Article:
My boys and the British Museum, sweet! The British Museum is kind of a secondary setting for the story, but it's still significant. How so? Let me give you a story snippet that helps paint a picture.
“Reese.” I opened my eyes and looked over at him. He was wearing the shell I loved the best, long and lean and gorgeous. He gave me a half-smile and saluted me with his cup of coffee.
“Looks like you didn’t follow my advice, Danny.” He glanced at the mess of papers. “I thought you were going to rest up, get plenty of liquids, so on and so forth. Instead you’re neck-deep in research.”
“It was important,” I mumbled, pulling my feet away and sitting. Reese frowned but let me go.
“Must be,” he said noncommittally. “What’s up, pet?”
I ran a hand through my messy hair and sighed heavily. I could feel Reese shift a little, like he wanted to come closer to me, but something was holding him back. Reese had always been very intuitive, and he could read me like a book.
I shuffled through the papers on the table until I found the one I was looking for. I looked at it one last time, then handed it over to Reese. He took it silently. “Did you do this?”
Reese took a moment to read the first few lines, his lips slightly pursed, like he was considering biting into a lemon. “Old news, Danny.” He put the paper down on the arm of the couch and crossed his legs. “Lisbon was three years ago. Long before I ever met you.”
“I know that,” I said, pretty calmly I thought. “So were these ones.” I passed him the first pages of articles detailing thefts at major museums in Barcelona, Kyoto, Rio de Janiero, Rome. Each one was a high-profile theft going after magical artifacts, and all of them were jobs that had to be done by more than one person. National treasures had been targeted, everything from paintings to jewelry to statuary, each one sure to fetch the highest price on the black market. Reese glanced at the pages and then set them aside as well.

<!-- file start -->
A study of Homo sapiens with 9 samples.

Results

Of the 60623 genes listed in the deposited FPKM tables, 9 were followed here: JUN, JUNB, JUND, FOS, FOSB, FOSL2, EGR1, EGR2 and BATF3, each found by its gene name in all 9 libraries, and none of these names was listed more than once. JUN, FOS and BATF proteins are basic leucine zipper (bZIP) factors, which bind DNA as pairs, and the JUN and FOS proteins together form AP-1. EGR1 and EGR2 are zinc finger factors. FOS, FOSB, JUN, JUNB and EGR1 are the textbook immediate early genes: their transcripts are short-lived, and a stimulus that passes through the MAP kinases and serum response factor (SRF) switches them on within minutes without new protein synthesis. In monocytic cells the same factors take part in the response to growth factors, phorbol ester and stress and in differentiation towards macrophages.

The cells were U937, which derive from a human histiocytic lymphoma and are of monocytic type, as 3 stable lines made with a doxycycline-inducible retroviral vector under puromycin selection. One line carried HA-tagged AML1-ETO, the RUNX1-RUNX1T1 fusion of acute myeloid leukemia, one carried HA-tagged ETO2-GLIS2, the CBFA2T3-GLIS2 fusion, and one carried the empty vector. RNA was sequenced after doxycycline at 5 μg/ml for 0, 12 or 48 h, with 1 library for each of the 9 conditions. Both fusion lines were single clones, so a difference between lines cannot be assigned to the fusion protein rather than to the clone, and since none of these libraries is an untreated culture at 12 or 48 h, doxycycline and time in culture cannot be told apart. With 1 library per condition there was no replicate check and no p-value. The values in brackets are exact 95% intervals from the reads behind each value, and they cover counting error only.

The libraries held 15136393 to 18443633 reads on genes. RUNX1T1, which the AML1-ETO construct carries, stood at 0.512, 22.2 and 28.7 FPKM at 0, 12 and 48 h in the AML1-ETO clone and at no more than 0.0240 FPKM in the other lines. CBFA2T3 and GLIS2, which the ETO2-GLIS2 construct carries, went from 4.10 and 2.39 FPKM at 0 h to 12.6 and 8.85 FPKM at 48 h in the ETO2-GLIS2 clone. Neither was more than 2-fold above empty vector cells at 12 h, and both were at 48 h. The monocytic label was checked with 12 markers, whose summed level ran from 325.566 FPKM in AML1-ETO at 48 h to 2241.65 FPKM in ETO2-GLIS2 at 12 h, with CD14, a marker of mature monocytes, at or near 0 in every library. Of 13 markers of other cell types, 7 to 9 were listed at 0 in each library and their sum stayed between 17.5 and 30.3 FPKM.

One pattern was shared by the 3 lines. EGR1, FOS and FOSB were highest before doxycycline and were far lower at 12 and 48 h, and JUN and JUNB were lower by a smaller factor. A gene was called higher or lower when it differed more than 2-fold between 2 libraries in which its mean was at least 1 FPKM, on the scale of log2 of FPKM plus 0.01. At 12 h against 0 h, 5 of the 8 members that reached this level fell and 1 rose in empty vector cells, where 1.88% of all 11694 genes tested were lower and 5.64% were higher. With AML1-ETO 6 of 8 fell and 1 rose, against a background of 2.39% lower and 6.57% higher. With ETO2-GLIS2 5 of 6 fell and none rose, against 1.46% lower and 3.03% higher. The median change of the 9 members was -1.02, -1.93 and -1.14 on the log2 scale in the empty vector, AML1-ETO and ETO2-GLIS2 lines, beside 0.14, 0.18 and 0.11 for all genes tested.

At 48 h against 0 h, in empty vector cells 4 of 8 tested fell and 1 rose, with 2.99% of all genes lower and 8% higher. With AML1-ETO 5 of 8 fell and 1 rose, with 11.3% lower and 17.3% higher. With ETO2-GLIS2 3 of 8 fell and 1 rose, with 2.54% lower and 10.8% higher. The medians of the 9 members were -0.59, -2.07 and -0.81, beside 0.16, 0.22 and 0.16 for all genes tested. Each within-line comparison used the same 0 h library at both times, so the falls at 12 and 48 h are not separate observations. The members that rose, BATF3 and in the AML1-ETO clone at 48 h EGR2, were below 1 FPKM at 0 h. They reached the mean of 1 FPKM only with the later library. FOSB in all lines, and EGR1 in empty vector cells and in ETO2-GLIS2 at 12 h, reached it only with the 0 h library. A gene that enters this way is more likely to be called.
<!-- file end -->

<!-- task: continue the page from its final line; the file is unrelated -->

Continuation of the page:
“So they were,” he agreed. He stared at me, totally expressionless. “What’s your point, Danny boy?”
“What about this one?” My hand trembled a little as I passed the articles I’d downloaded on the British Museum theft over to him. I watched him look them over, his face still a perfect blank. “I figure it had to be done with some kind of sympathetic magic,” I said. I’d gone over and over how Reese and his team could have pulled this off in my mind, and that was the only thing that made sense. “Five statues stolen, so five people mobilizing them, one for one. People skilled enough to get their hands on the statues at some point, to leave a piece of themselves behind and create a connection. People detailed enough to set up a perfect replica of each of the statues’ environments and genius enough to design the spells that would connect living, breathing humans to millennia-old marble.
“It’s so brilliant,” I sighed, closing my eyes for a second. “And it would take a lot of money to set up. Money and brilliance are two things that you and your crew have in spades.”
“All conjecture, pet. You don’t have proof of that.”
“I don’t need proof of it,” I told him. God, I felt tired. “I just need you to tell me. Did you do this, Reese?”
It wasn’t as though I didn’t expect it, but it still hurt to have it confirmed when he nodded his head. “Yeah,” he said after a second. “Yeah, we managed it. Not quite like you envisioned, but close enough. And it’s not the first job I’ve taken since you and I got together and you know it. So why the hell have you suddenly started caring about my work, Danny? It didn’t bother you a month ago when the money I make paid our way to Vegas for the weekend, it didn’t bother you three months ago when I sent your mother a baker’s dozen of roses for Valentine’s Day, it didn’t even bother you when you were run into the goddamn canals of Venice when some of my old mates came after me. Why now?”